Ming Qu (left) and Ying Wu (right) were shot and killed near the University of Southern California on Wednesday, April 11, 2012.
November 13, 2012 12:00:00 AM PST
A judge sided with USC Tuesday in a wrongful death lawsuit brought against the school by parents of two Chinese students killed off-campus in a botched robbery in April.

Ming Qu and Ying Wu were fatally shot at about 1 a.m. on April 11 while sitting in Qu's double-parked car off-campus on the 2700 block of Raymond Avenue. Qu and Wu were both 23-year-old engineering students at the university.

L.A. County Superior Court Judge Michael Johnson agreed with USC attorneys that the lawsuit filed by the slain students' parents lacked sufficient legal arguments to move forward. The attorney for the families have 20 days to file an amended complaint.

The USC court papers state that the parents' lawyers have not stated any evidence showing the school is responsible for off-campus crimes committed by people with no connection to the university.

"The students' deaths at the hands of third-party criminals were tragic, but USC is not the appropriate target of plaintiffs' grief," the defense attorneys' court papers state. "This case and others like it expose a victim's damage suit for what it is ... an artificial scheme designed not to fairly assess culpability, but to reach into the deepest pocket."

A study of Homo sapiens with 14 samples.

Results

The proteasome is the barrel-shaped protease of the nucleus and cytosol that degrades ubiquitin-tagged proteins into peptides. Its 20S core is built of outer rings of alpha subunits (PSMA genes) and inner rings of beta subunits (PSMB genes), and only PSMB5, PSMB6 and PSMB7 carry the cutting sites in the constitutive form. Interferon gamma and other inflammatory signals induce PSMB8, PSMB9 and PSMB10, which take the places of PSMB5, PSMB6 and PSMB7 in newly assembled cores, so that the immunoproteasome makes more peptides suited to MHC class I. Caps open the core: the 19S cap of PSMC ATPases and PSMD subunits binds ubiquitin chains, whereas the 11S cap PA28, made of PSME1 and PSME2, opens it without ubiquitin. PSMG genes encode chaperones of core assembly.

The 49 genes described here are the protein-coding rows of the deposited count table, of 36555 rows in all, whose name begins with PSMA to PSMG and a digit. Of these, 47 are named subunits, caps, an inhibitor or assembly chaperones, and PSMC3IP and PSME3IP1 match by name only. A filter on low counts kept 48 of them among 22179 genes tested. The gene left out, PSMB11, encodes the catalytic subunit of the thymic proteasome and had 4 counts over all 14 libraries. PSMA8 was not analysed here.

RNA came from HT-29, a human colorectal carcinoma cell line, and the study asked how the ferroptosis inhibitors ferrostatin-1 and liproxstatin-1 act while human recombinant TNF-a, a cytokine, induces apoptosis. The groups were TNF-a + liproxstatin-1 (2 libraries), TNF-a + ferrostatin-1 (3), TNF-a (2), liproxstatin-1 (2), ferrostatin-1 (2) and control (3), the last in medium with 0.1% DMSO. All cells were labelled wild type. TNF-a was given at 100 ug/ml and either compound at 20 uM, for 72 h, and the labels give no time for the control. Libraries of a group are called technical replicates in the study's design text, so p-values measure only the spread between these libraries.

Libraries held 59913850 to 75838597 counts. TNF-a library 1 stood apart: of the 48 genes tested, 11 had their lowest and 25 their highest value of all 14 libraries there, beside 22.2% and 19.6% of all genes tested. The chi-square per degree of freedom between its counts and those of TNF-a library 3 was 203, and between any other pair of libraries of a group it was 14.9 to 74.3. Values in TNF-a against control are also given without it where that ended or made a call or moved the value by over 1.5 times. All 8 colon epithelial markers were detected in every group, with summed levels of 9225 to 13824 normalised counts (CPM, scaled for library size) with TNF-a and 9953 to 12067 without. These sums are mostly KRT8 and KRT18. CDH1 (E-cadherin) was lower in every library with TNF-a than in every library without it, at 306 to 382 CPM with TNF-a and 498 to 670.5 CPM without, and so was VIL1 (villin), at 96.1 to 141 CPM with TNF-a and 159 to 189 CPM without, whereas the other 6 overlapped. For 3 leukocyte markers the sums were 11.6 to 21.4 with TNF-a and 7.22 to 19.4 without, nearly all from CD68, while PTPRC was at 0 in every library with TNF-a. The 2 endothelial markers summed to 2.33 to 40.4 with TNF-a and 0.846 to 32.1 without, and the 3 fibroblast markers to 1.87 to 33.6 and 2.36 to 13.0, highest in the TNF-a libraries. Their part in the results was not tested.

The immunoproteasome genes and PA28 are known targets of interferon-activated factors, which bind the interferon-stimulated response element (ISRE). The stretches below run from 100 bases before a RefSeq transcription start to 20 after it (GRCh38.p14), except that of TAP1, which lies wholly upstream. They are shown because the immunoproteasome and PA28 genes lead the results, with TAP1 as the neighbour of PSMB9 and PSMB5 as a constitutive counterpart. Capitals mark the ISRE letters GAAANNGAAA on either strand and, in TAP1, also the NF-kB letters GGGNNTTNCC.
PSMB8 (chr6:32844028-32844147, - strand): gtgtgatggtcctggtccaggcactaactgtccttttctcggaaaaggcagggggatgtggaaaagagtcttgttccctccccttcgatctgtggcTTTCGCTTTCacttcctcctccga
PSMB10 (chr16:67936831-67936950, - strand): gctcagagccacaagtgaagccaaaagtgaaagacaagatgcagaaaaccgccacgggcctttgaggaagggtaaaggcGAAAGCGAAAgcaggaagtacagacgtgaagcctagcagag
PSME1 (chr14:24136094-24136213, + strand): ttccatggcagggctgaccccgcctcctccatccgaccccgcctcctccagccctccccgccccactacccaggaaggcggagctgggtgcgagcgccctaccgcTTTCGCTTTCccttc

The lawsuit filed by the parents of the students states that USC does not provide patrols in the area where the students were killed and the campus is in a high-crime area. The lawsuit accused USC of hiding behind the word "urban" in its online application form and not saying the school is in a high-crime residential area. The suit alleges "USC is not one of the safest U.S. universities and colleges and does not provide 24-hour law enforcement services in the surrounding neighborhoods and is in a high crime area."

"Boiled down to its core elements, (the) complaint is nothing more than an attempt to try to hold USC financially responsible for damages inflicted on its students by the criminal behavior of third parties unrelated to USC," the defense court papers state.

Bryan Barnes and Javier Bolden, both 20, have been charged with the murders. The charges include special circumstance allegations that make the accused eligible for the death penalty if they're convicted.

City News Service contributed to this report.